For the first time since the breakup of the Soviet Union, Russia is taking an intense interest in Cuba as Moscow has become increasingly isolated over its invasion of Ukraine.
Top Russian officials have flocked to the island nation this year, starting in March with Nikolai Patrushev, Moscow’s secretary of the Security Council, alongside the executive director of state oil company Rosneft, Igor Sechin.
A representative of Russian business owners, Boris Titov, also visited.
The most high-profile visit was from Foreign Minister Sergey Lavrov in April on a week-long trip to Latin American allies, including Venezuela and Nicaragua, which like Cuba and Russia are the subject of Western sanctions.
“Russia needs trading partners and political allies, with Latin America offering the possibility of both,” Mervyn Bain, from Aberdeen University in Scotland, told AFP.
Last week, Russian Deputy Prime Minister Dmitry Chernyshenko drew up a road map to accelerate cooperation with Cuba, which is mired in its worst economic crisis in three decades, with chronic shortages of food, fuel and medicines.
The two countries have signed around a dozen agreements to relaunch trade relations in construction, information technology, banking, sugar, transport and tourism.
“But to what level” this cooperation can go “is unclear,” said Bain, an expert in Russia’s relationships with Latin America.
Chernyshenko’s plan also referenced Cuba’s need to change certain laws to loosen restrictions on private enterprise.
Communist Cuba had already been forced to open up its centralised economy to small and medium-sized private businesses due to its increasing economic woes.
Cuba has announced the reopening of direct flights between Moscow and the seaside resort of Varadero, and Russian tourists have been able to use the Russian Mir payment system in the country since March.
The Russian visits to the Caribbean island nation have come only months after Cuban President Miguel Diaz-Canel visited his Russian counterpart Vladimir Putin in Moscow.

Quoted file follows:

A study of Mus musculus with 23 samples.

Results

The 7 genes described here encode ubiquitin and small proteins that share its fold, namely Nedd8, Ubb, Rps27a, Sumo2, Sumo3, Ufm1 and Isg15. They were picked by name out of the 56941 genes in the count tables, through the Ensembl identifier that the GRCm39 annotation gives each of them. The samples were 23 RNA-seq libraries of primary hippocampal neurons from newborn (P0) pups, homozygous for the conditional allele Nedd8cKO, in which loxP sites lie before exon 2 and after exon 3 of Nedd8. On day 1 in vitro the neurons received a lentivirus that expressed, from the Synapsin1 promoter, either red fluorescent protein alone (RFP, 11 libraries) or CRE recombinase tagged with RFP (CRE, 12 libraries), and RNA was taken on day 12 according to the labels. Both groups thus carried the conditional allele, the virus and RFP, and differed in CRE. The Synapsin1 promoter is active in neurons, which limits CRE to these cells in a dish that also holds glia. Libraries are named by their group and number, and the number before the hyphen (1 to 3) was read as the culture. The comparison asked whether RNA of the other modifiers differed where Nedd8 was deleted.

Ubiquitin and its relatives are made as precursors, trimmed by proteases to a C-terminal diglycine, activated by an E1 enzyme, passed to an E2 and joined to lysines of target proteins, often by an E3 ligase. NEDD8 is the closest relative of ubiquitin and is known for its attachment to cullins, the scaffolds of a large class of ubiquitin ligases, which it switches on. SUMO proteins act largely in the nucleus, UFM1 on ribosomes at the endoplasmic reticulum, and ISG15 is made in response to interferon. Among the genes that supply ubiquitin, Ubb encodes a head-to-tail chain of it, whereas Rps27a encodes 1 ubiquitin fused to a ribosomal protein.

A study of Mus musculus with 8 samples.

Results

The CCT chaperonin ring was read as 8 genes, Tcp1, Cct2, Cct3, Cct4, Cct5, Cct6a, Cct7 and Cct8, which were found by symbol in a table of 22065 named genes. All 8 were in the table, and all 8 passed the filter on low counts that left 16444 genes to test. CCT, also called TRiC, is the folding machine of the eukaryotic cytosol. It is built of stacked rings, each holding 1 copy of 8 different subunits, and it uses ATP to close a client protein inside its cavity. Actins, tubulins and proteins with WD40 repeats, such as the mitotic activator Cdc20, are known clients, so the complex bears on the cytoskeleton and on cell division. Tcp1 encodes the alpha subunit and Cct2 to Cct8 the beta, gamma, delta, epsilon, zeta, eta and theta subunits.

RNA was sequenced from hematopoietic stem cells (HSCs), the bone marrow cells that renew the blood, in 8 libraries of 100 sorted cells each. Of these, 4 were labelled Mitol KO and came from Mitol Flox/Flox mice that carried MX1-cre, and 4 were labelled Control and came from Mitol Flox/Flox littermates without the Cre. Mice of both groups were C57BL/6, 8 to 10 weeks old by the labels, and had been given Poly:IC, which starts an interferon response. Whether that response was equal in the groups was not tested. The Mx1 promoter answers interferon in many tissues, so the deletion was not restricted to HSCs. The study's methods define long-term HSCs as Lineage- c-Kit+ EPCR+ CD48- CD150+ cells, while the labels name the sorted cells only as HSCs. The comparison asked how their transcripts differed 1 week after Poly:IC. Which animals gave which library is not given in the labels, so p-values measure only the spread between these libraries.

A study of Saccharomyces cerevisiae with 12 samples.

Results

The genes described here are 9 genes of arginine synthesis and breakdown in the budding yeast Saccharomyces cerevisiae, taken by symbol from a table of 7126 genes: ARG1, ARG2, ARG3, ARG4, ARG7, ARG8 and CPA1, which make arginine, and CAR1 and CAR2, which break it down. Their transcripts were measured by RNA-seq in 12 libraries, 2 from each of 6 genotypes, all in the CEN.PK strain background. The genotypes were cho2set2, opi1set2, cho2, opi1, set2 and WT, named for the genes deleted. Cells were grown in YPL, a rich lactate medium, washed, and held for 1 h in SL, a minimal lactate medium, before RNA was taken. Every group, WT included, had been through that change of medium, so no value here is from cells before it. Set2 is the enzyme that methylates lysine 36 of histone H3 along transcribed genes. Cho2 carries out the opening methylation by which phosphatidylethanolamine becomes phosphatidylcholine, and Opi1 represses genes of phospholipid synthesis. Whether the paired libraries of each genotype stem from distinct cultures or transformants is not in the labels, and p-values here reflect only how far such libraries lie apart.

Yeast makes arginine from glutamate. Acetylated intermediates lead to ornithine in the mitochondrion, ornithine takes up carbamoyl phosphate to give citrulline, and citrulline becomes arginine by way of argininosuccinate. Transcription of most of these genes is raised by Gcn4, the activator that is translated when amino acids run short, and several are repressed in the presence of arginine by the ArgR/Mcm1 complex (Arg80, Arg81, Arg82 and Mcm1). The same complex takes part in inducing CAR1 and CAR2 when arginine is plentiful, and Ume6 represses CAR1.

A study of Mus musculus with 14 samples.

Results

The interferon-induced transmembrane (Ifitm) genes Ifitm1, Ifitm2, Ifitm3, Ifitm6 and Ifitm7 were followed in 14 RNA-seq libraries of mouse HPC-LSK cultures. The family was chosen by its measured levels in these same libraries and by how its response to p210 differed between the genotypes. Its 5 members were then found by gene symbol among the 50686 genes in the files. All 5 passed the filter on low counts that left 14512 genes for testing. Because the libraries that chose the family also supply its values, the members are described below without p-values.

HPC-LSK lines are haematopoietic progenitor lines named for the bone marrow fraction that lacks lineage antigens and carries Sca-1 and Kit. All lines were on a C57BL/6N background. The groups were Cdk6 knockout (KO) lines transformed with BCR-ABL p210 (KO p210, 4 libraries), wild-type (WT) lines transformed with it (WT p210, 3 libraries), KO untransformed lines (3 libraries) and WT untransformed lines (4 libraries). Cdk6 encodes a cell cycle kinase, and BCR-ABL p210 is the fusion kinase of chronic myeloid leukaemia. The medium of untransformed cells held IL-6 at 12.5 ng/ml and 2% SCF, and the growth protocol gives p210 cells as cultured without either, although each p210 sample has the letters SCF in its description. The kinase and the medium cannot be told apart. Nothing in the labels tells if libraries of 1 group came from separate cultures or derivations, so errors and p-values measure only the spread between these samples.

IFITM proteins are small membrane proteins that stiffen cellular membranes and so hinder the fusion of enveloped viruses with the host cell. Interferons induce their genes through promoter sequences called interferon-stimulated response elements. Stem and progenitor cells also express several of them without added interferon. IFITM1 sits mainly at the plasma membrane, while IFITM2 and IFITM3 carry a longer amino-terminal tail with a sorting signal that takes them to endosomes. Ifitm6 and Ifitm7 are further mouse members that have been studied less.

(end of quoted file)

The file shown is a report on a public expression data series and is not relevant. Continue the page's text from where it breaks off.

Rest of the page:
The two communist entities were close allies during the Cold War, but that cooperation was abruptly halted in 1991 with the dissolution of the Soviet bloc.
Until then, 75 per cent of Cuba’s commercial exchanges were with its communist ally.
Having almost ended completely, relations started picking up again from 2005, with the current levels of exchange the highest since then.
According to Russian figures, commercial exchanges between the two countries reached $450 million in 2022, with 90 per cent of that in sales of oil and soybean oil to the island nation.
The strengthening of ties is paying off for Russia in geopolitical ways.
Havana had maintained a position of neutrality over Russia’s invasion of Ukraine, abstaining from United Nations votes on the issue.
But this week, Diaz-Canel assured Chernyshenko of “Cuba’s unconditional support” in its “clash with the West” and on Wednesday, Havana voted against a World Health Organization resolution condemning Russian attacks on Ukrainian health systems.
The West has been taking note.
The EU’s foreign policy chief Josep Borrell on Thursday urged cash-strapped Cuba to “reinforce the economic ties with the European Union,” which is its main trade partner.
During a visit to meet private business leaders, Borrell reminded Cuba that it does twice as much business with the EU as it does with Russia and China combined.
Indeed, the aid that Russia can supply Cuba is limited and “nothing like” that which the Soviet Union furnished during the Cold War, according to Vladimir Rouvinski, an academic at the ICESI university in Cali, Colombia.
“Putin’s Russia is not the USSR ... nor is Putin interested in spending millions of dollars keeping Cuba within the Russian orbit, and Russia doesn’t have the money to do so anyway,” said Rouvinski, another expert on Russia’s relations with Latin America.
While Moscow may not be spending the big bucks any time soon, Rouvinski said that the West’s unconditional support for Ukraine means “the attraction of Cuba for Putin’s Russia is its geographic proximity to the United States.”
“It’s the logic of symbolic reciprocity,” because “any mention of the possibility of having a Russian military presence on the island provokes great nervousness on the other side of the Florida Strait.”